Archive 2010
Voice Artists for language app
casting_call.jpg Do you speak the lingo?

A number of paid roles are available in Melbourne for voice artists and actors who can speak standard Japanese, Mandarin and Bahasa baku.  A company producing language learning apps for young children is looking for male and female voices in each language group.  You will need to sound like a native speaker and have a youthful, clear and expressive voice.  There will be a requirement to do some character voices also.  Sounds like fun!  Sound like you?  Find out more by emailing: This email address is being protected from spam bots, you need JavaScript enabled to view it

 
By Kay Ross

State of the Arts, 13 February 2006



Benny Chia, the Artistic Director of the Fringe Club, said: "We love working with Aussie performers; their shows usually have a certain rawness and authenticity about them that suit us to a T, and local audiences have embraced them. Since the announcement of Keating's Creative Nation policy, the Australian government (through the Consulate-General here) has been putting its money where its mouth is. We've been working with Australian artists and arts organisations since 1987, and we've introduced at least 100 acts from Down Under to Hong Kong audiences. Every year we try to bring in new acts and fresh talents to whet people's appetite and keep their interest up."

The "Australia on Stage" program was sponsored by the Australian Consulate-General in Hong Kong. Murray Cobban, Australian Consul-General in Hong Kong, said: "Hong Kong audiences love Australian comedians because of their unique sense of humour. Their witty performances are often inspired by individual experiences in the multicultural living environment of Australia. The ‘Australia on Stage' program of this year's City Festival is a celebration of the best Australian-Asian talents nurtured in an open and culturally diverse country."

Award-winning comedian Nick Sun is known for his self-deprecating, tongue-in-cheek style. In his show Whatever (18-21 January), he described his comedy as "funny, hopefully". Throughout his act, Nick pointedly insisted that his ethnicity was irrelevant, thereby ironically drawing attention to it. One quip that drew big laughs from Hong Kong audiences was: "I've been here for four days and I still haven't found Chinatown."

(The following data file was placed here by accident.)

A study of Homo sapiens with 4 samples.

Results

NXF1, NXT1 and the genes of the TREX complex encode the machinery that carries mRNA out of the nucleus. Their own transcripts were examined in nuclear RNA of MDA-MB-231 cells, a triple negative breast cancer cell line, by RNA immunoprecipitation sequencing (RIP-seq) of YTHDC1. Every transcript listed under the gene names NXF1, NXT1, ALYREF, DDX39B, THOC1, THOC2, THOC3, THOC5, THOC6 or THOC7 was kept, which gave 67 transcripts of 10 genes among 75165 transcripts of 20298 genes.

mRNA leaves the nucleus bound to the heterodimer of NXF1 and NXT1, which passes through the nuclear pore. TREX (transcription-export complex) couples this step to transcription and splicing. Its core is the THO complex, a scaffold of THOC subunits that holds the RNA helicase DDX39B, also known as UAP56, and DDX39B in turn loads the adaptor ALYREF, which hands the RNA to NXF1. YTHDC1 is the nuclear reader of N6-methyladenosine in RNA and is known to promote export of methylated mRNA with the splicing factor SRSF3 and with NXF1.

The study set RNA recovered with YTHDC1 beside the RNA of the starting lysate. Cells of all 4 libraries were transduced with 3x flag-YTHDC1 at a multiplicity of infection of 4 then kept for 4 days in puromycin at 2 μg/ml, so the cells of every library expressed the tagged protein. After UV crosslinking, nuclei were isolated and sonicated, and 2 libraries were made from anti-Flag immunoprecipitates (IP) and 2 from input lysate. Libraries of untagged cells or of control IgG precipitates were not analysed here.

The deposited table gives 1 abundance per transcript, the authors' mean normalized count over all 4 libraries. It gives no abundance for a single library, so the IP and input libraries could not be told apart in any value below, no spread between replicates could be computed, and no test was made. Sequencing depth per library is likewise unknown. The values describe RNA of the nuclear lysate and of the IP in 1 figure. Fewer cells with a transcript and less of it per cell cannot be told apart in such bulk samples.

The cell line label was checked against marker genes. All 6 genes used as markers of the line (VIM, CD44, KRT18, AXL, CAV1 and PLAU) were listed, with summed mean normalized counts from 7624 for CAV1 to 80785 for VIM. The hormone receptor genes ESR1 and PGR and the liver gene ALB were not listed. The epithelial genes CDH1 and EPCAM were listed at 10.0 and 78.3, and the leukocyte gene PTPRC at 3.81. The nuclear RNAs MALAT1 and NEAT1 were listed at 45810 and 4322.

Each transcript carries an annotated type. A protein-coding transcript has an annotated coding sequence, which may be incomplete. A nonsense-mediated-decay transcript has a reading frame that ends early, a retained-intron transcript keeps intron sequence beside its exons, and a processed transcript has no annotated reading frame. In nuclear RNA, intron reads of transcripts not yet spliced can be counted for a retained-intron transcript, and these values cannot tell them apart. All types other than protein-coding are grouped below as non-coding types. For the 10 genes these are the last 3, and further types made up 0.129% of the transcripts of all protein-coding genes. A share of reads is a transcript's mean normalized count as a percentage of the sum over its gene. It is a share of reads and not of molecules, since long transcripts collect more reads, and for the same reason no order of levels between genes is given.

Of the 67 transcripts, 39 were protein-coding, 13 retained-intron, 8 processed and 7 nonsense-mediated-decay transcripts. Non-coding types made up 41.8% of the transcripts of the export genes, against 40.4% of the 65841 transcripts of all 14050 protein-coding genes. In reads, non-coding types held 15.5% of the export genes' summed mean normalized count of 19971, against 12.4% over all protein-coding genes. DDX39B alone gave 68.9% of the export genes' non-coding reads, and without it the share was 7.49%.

Melbourne comedian Georgina Naidu poked fun at the weirdness of her Anglo-Indian background in her witty, warm-hearted autobiographical show about home and belonging, Yellow Feather (25-27 January). Backing her up on the onstage sound system was DJ Schmidti, who is of Indo-Fijian-Australian heritage. One of Georgina's funniest lines was: "Essendon football team is so good there's even a place named after them."

Cabaret artiste Rick Lau returned to the City Festival after last year's sell-out show, How Now, Rick Lau, with SunRice (25-27 January). It was a light-hearted romp through his life and career, from his childhood in Hong Kong to IT jobs in Europe and the US, and his experiences as a migrant in Australia. Hong Kong audiences, even those who don't speak Cantonese, enjoyed his scenes and asides spoken in Cantonese, because the characters were instantly recognisable. And drawing huge applause was his version of the tongue-twisting song I've Been Everywhere, Man, featuring Hong Kong as well as Australian place names.

Outside of the ‘Australia on Stage' program, but still part of the City Festival, visual artist and performer Greg Leong from Tasmania was a guest speaker at a symposium, "Arts Connections: D.I.Y. Touring Arts in Asia". Also speaking at that symposium was Douglas Gautier, Executive Director of the Hong Kong Arts Festival, who is due to take up the role of Director of the Adelaide Festival Centre in May.
 
Asians on Film
Asians on Film is an international English language blog featuring people working in film, television and new media.  Performance 4a produces coverage of Asian-Australians in film for the blog.
 
COOLie
coolie_100.jpg COOLie

COOLie is a unique showcase of Asian-Australian storytelling and performance.  The inaugural season took place at Belvoir St Downstairs Theatre on 1-13 Feb, 2011.  Comprising three shows:

Meeting at Moree - Chinese Australian meets Indigenous Australia through the stories of William Yang and Noeline Briggs-Smith

Stories East & West - six storytellers link Asia and Australia, past and present, family and personal aspiration.  Directed by William Yang and Annette Shun Wah

About Face - from mini-skirted vixens to big pants percussion, and searing torch song to a genuine 70s guitar hero. Les Gock, Paul Cordeiro, Lena Cruz, Suara Indonesia Dance and comedians Jennifer Wong and Oliver Phommavanh address turn expectations 180 degrees. Directed by Lisa Freshwater.